In 1861 Sir William Crookes detected thallium (named from the Gr.
Rubidium, caesium, thallium, indium and gallium were first discovered by means of this instrument; the study of the rare earths is greatly facilitated, and the composition of the heavenly bodies alone determinable by it.
8 shows the variation of refractive index of mixed crystals of potash alum and thallium alum with variation in composition.
In 1861, while conducting a spectroscopic examination of the residue left in the manufacture of sulphuric acid, he observed a bright green line which had not been noticed previously, and by following up the indication thus given he succeeded in isolating a new element, thallium, a specimen of which was shown in public for the first time at the exhibition of 1862.
All carbonates, except those of the alkali metals and of thallium, are insoluble in water; and the majority decompose when heated strongly, carbon dioxide being liberated and a residue of an oxide of the metal left.
After these follow first thallium and then lead, the latter being the softest of the metals used in the arts.
By the joint action of water and air, thallium, lead, bismuth are oxidized, with formation of more or less sparingly soluble hydroxides (ThHO, PbH 2 O 2, BiH303), which, in the presence of carbonic acid, pass into still less soluble basic carbonates.
6, consisting of two downward sloping branches meeting in the eutectic point, and that of thallium and tin, the upper curve of fig.
7 gives the freezing-point curve of mercury and thallium; here A and E are the melting-points of pure mercury and pure thallium, and the branches AB and ED do not cut each other, but cut an intermediate rounded branch BCD.
The higher eutectic D may correspond to a complex of solid thallium and the compound; but the possible existence of solid solutions makes further investigation necessary here.
Silver-thallium nitrate, TIAg(N03)2, introduced by Retgers, melts at 75° to form a clear liquid of density 4.8; it may be diluted with water.
In a smaller degree these alkaline properties are shared by the less soluble hydrates of the "metals of the alkaline earths," calcium, barium and strontium, and by thallium hydrate.
We must refer to Kayser and Runge's Handbuch for further details, as well as for information on other spectra such as those of silver, thallium, indium and manganese, in which series lines have been found.
Traces of thallium, which are present in some pyrites, may be detected in the flues of the furnaces where the metal is roasted.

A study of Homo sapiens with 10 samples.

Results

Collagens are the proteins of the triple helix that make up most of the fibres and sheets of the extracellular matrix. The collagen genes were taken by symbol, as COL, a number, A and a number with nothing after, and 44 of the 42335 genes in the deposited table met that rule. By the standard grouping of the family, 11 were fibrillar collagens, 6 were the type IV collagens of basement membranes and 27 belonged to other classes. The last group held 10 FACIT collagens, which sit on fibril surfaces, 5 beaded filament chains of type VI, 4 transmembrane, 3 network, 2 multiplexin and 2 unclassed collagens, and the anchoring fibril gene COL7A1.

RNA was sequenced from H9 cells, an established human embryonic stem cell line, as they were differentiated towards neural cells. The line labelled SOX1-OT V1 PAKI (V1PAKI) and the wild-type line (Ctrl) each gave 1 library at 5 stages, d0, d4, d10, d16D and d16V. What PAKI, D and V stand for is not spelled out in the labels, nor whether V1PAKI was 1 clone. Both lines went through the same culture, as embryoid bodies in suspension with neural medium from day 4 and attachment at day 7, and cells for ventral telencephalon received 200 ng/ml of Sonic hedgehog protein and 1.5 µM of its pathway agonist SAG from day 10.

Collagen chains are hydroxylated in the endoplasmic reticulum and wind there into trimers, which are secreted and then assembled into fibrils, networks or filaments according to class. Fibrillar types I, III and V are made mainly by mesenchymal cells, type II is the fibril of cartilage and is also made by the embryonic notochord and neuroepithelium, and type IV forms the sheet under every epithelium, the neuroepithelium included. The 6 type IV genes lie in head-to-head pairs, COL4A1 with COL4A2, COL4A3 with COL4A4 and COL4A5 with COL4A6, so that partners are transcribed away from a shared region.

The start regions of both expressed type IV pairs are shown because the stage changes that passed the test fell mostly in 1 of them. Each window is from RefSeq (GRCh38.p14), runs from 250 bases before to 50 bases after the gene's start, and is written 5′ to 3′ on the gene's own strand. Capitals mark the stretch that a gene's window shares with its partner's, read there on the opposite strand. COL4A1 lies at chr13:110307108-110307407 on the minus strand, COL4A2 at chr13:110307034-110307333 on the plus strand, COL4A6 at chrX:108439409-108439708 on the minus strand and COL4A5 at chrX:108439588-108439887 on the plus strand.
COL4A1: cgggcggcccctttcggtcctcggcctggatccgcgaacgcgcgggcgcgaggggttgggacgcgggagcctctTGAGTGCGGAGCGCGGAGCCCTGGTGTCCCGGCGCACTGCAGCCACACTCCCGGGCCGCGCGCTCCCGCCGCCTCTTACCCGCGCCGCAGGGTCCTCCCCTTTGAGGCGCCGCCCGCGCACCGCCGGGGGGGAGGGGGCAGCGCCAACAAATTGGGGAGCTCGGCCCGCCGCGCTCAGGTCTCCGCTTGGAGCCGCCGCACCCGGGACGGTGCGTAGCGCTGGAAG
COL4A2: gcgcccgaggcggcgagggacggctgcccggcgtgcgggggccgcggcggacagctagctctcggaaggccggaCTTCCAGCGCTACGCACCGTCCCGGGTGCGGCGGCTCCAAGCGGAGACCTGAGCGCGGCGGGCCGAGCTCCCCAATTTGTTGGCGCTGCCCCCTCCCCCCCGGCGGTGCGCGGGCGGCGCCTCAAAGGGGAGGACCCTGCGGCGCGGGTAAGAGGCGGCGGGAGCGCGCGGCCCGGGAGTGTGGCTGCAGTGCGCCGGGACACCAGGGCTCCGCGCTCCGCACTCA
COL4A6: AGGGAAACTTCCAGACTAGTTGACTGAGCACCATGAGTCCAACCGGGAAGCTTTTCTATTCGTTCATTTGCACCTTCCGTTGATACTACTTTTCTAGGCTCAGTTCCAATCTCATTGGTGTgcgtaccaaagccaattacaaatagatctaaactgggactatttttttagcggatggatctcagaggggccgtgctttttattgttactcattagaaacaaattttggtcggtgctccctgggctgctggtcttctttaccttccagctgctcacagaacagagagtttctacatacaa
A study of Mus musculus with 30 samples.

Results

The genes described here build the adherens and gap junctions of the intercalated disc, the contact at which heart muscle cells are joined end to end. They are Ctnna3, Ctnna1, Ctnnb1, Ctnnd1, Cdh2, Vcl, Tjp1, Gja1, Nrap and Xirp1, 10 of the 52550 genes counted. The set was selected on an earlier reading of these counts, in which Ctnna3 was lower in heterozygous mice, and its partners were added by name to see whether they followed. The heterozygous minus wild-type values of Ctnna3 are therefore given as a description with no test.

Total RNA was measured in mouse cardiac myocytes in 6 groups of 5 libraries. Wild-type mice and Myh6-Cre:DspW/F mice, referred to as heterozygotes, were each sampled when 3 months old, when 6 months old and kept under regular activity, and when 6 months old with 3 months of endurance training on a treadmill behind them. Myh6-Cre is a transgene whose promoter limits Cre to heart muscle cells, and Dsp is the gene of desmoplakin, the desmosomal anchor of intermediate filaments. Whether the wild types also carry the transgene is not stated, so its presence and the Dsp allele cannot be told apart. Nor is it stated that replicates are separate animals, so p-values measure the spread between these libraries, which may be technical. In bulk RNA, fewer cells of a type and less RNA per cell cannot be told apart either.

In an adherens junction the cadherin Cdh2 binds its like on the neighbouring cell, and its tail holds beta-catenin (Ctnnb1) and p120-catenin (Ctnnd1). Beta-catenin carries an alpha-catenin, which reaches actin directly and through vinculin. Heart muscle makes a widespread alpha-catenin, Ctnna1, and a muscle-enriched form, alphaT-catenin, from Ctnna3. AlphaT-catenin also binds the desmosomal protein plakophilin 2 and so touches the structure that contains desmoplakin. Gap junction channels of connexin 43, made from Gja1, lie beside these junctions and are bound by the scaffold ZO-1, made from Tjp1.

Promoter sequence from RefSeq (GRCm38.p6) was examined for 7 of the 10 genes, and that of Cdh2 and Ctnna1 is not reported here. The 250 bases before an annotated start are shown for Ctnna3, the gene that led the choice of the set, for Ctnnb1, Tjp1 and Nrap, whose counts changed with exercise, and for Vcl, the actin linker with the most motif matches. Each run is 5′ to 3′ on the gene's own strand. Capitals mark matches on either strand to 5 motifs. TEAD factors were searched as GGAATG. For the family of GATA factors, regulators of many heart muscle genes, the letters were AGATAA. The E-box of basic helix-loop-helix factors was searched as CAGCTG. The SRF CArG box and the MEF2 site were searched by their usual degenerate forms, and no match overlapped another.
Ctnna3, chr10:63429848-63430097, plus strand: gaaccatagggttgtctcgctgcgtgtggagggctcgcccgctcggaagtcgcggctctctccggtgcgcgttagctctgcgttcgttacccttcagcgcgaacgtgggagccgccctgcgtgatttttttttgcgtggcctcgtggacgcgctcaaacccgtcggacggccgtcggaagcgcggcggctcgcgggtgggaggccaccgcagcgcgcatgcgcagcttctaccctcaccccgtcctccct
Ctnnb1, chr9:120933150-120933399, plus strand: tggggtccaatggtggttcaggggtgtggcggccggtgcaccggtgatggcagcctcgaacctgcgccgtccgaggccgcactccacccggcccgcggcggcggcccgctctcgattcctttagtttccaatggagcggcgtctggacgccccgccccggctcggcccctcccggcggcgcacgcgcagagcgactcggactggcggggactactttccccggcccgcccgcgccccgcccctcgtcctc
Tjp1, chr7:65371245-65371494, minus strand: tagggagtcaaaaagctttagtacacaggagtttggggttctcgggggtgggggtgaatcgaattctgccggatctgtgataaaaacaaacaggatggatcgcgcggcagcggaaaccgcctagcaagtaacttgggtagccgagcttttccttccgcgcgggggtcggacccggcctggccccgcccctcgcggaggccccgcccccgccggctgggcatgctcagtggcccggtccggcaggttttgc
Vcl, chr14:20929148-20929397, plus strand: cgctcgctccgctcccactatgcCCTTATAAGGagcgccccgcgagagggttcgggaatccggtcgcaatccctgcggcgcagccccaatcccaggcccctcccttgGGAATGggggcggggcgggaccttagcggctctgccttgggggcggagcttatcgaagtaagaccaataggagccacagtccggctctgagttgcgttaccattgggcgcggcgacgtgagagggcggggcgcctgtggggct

He concluded that the mineral contained a new element, to which he gave the name of thallium, from 9aXX6, a green twig.
Crookes presumed that his thallium was something of the order of sulphur, selenium or tellurium; but Lamy, who anticipated him in isolating the new element, found it to be a metal.
Our knowledge of the chemistry of thallium is based chiefly upon the labours of Crookes.
The chemical character of thallium presents striking peculiarities.
But the hydroxide of thallium, in most of its properties, comes very close to the alkali metals; it is strongly basic, forms an insoluble chloroplatinate, and an alum strikingly similar to the corresponding potassium compounds.
Traces of thallium exist in many kinds of pyrites, as used for vitriol-making.
The best raw materials for the preparation of thallium are the flue-dusts produced industrially in the roasting of thalliferous pyrites and the "chamber muds" accumulating in vitriol-chambers wrought with such pyrites; in both it is frequently associated with selenium.
Of thallium; that of the pyrites of Meggen, according to Carstanjen, as much as 3.5 per cent.; while that of the pyrites of Ruhrort yielded 1 per cent.
For the extraction of the metal from chamber mud, the latter is boiled with water, which extracts the thallium as the sulphate.
From the filtered solution the thallium is precipitated as the chloride by addition of hydrochloric acid, along, in general, with more or less of lead chloride.
The mixed chlorides are boiled down to dryness with sulphuric acid to convert them into sulphates, which are then separated by boiling water, which dissolves only the thallium salt.
From the filtered solution the thallium is recovered, as such, by means of pure metallic zinc, or by electrolysis.
Metallic thallium is bluish white; it is extremely soft and almost devoid of tenacity and elasticity.
Thallium forms two series of salts: thallous, in which the metal is monovalent; and thallic, in which it is trivalent.
The specific gravity of this "horn" thallium is 7.02.
All the thallium and selenium on the market is obtained from this source.
Traces of gold, silver, selenium or thallium are sometimes present, and the mineral is sometimes worked as an ore of gold or silver.
Many hydrated forms of the sulphate are known, as are also double salts of the sulphate with potassium, sodium, ammonium, thallium and cadmium sulphates.
On thallium sulphides see H.
Thallic oxide, T1203, is obtained as a dark reddish powder, insoluble in water and alkalis, by plunging molten thallium into oxygen, or by electrolysing water, using a thallium anode.
All thallium compounds volatile or liable to dissociation at the temperature of the flame of a Bunsen lamp impart to such flame an intense green colour.
Hawley employs sodium thiostannate which precipitates thallium as T1 2 SnS 4, insoluble in water, and which may be dried on a Gooch filter at 105°.
It may be noted that all thallium compounds are poisonous.
The atomic weight of thallium was determined very carefully by Crookes, who found T1=204.2 (0= 16); this figure was confirmed by Lepierre in 1893.